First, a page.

Indigenous tourism sector hard hit by pandemic
YVR Indigenous Tourism BC partership
Vancouver International Airport and Indigenous Tourism BC have entered a new partnership to help boost Indigenous tourism in B.C. Left to right: Tamara Vrooman, president and CEO of YVR, Brenda Baptiste, ITBC board chair, and Brett Sparrow, Musqueam councillor.

Vancouver International Airport has signed a memorandum of understanding with Indigenous Tourism BC (ITBC), promising to develop a sustainable Indigenous tourism industry and raise awareness of B.C.’s diverse regions.

The partnership will also help improve connections among First Nations communities and organizations and the tourism industry.  

Tamara Vrooman, president and CEO of YVR, said that prior to COVID-19, Indigenous tourism was the fastest growing sector of tourism in Canada.

“It represents a tremendous opportunity for economic growth, for job creation and for sustainability in communities right across the province, as well as an opportunity for us to pursue our collective goals of reconciliation for Canadian tourists and international tourists alike,” she said.

As part of their new partnership, YVR and ITBC unveiled a new interactive kiosk at the airport.  

The goal of the kiosk is to inspire travellers to experience B.C. through an Indigenous lens, said Brenda Baptiste, the chair of ITBC’s board.

“We really want to introduce our B.C. residents, our international travellers and our travellers that are coming through (YVR) to the richness, the cultural richness, of this province and the Indigenous experiences that they may or may not know about,” she said.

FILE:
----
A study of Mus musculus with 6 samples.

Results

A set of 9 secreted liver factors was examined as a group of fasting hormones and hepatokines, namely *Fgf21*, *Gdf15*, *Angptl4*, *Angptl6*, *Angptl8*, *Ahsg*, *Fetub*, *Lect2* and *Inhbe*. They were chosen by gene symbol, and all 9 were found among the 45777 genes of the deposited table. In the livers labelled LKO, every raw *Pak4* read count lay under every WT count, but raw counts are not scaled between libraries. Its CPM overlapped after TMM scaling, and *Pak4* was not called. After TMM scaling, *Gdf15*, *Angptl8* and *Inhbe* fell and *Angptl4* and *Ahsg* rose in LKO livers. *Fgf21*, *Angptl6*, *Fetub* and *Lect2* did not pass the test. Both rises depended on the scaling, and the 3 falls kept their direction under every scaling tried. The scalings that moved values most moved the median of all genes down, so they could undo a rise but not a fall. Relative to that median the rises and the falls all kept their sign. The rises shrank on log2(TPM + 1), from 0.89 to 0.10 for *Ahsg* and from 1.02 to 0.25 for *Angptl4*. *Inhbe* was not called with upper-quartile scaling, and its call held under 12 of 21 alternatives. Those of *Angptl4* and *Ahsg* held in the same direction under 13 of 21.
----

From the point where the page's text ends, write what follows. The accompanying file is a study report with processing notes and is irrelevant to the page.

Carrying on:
The kiosk works in conjunction with ITBC’s app, which allows people to learn whose territory they are in and what experiences are there, Baptiste said.

The tourism industry was significantly impacted by COVID-19 and Indigenous communities – many of which aren’t yet welcoming back visitors – are also expected to suffer severe pandemic impacts, ITBC said.

According to ITBC – which represents hundreds of Indigenous businesses across B.C. – 91 per cent of its stakeholders had to close or operate in a limited capacity while 74 per cent of businesses had to lay off employees.

Furthermore, lack of access to some rural areas, lower interest in Indigenous cultural experiences or changing travel patterns due to COVID-19, mean that businesses that are open still won’t be able to earn enough from B.C. travellers to replace the lost revenues from Canadian and International visitors.

According to ITBC, the memorandum of understanding focuses on collaboration, including opportunities for Indigenous communities and entrepreneurs in the tourism industry to work together, data and knowledge sharing, and leveraging market intelligence.

YVR previously signed a memorandum of understanding with the Indigenous Tourism Association of Canada last year, and signed a sustainability and friendship agreement with Musqueam Indian Band in 2017.